Instant communication and twice yearly report cards…

I am a ‘cloud granny’ , ever appreciative of the miracle of instant global connection which technology affords us…

Usually when I write about the Granny Cloud, it’s in the context of Mitra’s School in the Cloud.

Cloud ‘Grannies’ all over the world (people of all ages and genders) interact regularly and electronically with kids in a range of settings, currently mostly in India, but expanding to other countries too. As these sessions unfold, it’s rewarding to observe the children’s confidence grow, English improve and computer skills develop.

And I am also a ‘real’ Cloud Granny…

When my kids were little, we would take photos of their latest achievements, wait till the film was developed and then mail the prints a week later to the grandparents overseas. By the time they were received, the photos were out of date.

skypegrannyToday, I wake up to a series of photos and videos of 15 month old Shai’s latest antics. By mid afternoon in my time zone, I can expect the inevitable ‘Skype? ‘ message and I hear him laughing before we can even see each other on the screen.

The lovely teacher at Shai’s day care has set up a private Facebook page, where she posts photos and messages of the daily activities, so parents and (even faraway) grandparents can enjoy seeing the children playing, learning and interacting. It’s a joy to observe Shai’s love of animals on the day the animal lady comes and to watch his progress as he gradually learns to join in with the older children in musical and art activities.


Why is it that, in this day and age of instant communication, schools and parents still expect the kind of report card suited to another era? 

Why do report cards traditionally go out twice a year, when there are endless ways teachers and learners can, and do, communicate their learning throughout the year?

Why do teachers spend great chunks of time reporting in a summative way on a final report, when formative assessment, goals and ‘feed forward’ during the year are so much more valuable?

Why don’t teachers, parents and learners share the learning via online portfolios, easily accessible throughout the year, demonstrating process, progress and final product, with facility for reflection by students, feedback by parents and ‘feedforward’ by teachers? (Let me know if you have a great system, we’re working towards it.)

Why don’t learners communicate their learning more with parents and the wider world through the many possible channels available online?

Why do governments and school administrators continue to dictate not just the existence of report cards, but often the format and parameters they should fit?

Why don’t we abandon report cards altogether?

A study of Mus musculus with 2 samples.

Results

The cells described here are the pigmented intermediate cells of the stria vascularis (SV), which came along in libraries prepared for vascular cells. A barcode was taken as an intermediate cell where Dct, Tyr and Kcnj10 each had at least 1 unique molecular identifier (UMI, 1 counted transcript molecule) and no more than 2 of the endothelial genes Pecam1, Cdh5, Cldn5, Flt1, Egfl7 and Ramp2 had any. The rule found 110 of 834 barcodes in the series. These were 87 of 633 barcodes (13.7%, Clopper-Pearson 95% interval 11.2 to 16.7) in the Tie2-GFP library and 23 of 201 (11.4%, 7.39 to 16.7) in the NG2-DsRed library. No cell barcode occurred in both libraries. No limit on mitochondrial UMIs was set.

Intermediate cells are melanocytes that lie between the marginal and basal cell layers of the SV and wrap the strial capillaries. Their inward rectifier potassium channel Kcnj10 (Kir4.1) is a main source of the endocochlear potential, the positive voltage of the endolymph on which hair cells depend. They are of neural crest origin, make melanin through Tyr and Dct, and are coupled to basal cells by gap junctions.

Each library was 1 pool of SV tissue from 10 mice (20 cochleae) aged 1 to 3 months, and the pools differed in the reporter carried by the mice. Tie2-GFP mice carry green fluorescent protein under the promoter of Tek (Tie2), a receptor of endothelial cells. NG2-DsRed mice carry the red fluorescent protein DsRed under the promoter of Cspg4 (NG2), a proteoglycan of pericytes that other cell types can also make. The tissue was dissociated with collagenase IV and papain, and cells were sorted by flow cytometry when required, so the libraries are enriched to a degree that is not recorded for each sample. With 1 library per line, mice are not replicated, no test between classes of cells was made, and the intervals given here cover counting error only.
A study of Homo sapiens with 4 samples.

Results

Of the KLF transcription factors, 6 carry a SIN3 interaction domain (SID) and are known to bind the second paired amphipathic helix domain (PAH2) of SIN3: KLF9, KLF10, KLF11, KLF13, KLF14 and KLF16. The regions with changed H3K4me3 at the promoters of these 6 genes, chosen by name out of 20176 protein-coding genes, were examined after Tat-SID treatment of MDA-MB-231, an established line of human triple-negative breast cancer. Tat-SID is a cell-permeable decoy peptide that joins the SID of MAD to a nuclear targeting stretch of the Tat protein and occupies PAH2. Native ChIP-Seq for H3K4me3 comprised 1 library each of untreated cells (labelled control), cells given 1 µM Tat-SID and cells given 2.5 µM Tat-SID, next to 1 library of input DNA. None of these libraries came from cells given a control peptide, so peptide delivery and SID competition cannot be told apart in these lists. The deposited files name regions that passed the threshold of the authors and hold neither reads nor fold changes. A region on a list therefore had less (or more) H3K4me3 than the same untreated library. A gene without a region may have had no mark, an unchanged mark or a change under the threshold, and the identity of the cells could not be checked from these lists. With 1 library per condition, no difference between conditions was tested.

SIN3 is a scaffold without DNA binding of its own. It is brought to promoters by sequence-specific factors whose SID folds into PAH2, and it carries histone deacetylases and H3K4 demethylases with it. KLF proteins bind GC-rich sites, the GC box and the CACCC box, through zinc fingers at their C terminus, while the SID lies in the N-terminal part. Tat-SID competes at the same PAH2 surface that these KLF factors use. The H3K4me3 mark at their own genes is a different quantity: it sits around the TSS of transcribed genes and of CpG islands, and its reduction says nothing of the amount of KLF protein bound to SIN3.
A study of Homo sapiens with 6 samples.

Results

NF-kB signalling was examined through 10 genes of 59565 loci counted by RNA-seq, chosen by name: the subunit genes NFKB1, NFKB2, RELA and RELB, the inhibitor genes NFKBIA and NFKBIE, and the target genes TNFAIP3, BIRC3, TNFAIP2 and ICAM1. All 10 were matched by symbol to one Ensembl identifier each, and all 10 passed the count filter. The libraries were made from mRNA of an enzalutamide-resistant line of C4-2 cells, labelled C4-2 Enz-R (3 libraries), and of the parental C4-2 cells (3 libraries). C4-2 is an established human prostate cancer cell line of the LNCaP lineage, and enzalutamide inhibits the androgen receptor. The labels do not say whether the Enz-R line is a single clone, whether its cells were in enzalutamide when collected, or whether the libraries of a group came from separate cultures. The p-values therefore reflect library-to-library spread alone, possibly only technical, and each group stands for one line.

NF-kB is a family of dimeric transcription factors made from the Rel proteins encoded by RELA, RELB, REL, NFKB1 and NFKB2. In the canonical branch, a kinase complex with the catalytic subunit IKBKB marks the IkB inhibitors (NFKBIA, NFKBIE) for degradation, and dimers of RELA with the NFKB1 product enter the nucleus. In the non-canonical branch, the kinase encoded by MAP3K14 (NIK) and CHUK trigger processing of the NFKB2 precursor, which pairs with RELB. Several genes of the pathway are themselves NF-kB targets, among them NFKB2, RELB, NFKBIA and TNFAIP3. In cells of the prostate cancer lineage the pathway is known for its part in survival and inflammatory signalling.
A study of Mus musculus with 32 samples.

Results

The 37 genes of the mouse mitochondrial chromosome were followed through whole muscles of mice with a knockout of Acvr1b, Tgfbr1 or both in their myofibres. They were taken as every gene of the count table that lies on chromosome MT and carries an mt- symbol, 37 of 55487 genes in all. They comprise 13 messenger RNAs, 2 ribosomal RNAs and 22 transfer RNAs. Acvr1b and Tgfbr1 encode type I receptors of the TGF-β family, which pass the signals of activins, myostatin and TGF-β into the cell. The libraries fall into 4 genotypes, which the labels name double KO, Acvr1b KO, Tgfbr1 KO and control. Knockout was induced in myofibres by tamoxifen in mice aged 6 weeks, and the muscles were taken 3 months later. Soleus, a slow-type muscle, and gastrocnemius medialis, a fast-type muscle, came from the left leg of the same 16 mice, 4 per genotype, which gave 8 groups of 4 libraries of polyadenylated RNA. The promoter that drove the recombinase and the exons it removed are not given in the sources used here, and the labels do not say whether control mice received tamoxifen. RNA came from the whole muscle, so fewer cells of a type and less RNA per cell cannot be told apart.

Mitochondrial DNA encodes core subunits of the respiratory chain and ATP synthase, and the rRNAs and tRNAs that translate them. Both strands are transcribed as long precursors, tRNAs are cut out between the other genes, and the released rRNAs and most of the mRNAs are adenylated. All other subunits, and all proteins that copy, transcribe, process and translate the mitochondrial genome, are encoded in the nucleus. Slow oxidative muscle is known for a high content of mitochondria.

Now, to prepare for the meeting in which we will review our reports and do our best to make them fit expectations and requirements…

10 thoughts on “Instant communication and twice yearly report cards…

  1. As I sit and proofreading thousands of words that it has taken teachers hours of torment to write and will take parents minutes to scan, I so very much hope that your provocative questions will find a brave enough team to be the first to abandon this dinosaur and step into the future! Thanks for an inspiring post!

    Liked by 2 people

  2. Here in Victoria, state and Catholic schools have recently been given an opportunity to, once again, have more input into how they report to parents (I have been witness to the pendulum of central control swinging back and forth all through my teaching career). So this is a question now re-emerging in many of the schools in which I work. It is an exciting time. A small parish school not far from where I live is working on how they will utilize a twitter-style, customised app they already use to communicate with parents to provide regular feedback about children’s learning. We have discussed the use of class blogs and learning journals as ongoing ‘learning snapshots’ parents can view…and this works beautifully with what we have already put in place through what the schools calls ‘learning conversations’ that replace the old style P-T interviews. It’s a good time for many schools to ask themselves…’if we had FULL choice over what and how we ‘reported’ to parents…if we do a total reporting make-over…what would we do and how would we do it? What a great whole school, professional inquiry… Thanks Edna!


  3. Hello Edna, I am Monica Aldridge a junior at the University of South Alabama. I am studying to be an elementary teacher, specializing in special education. As a parent I would like to know my daughter’s progress more often. I also would like to hear from her teachers more then once a year, better communication would be great. I like the idea of using Facebook or Blogger to show the progress of the students online.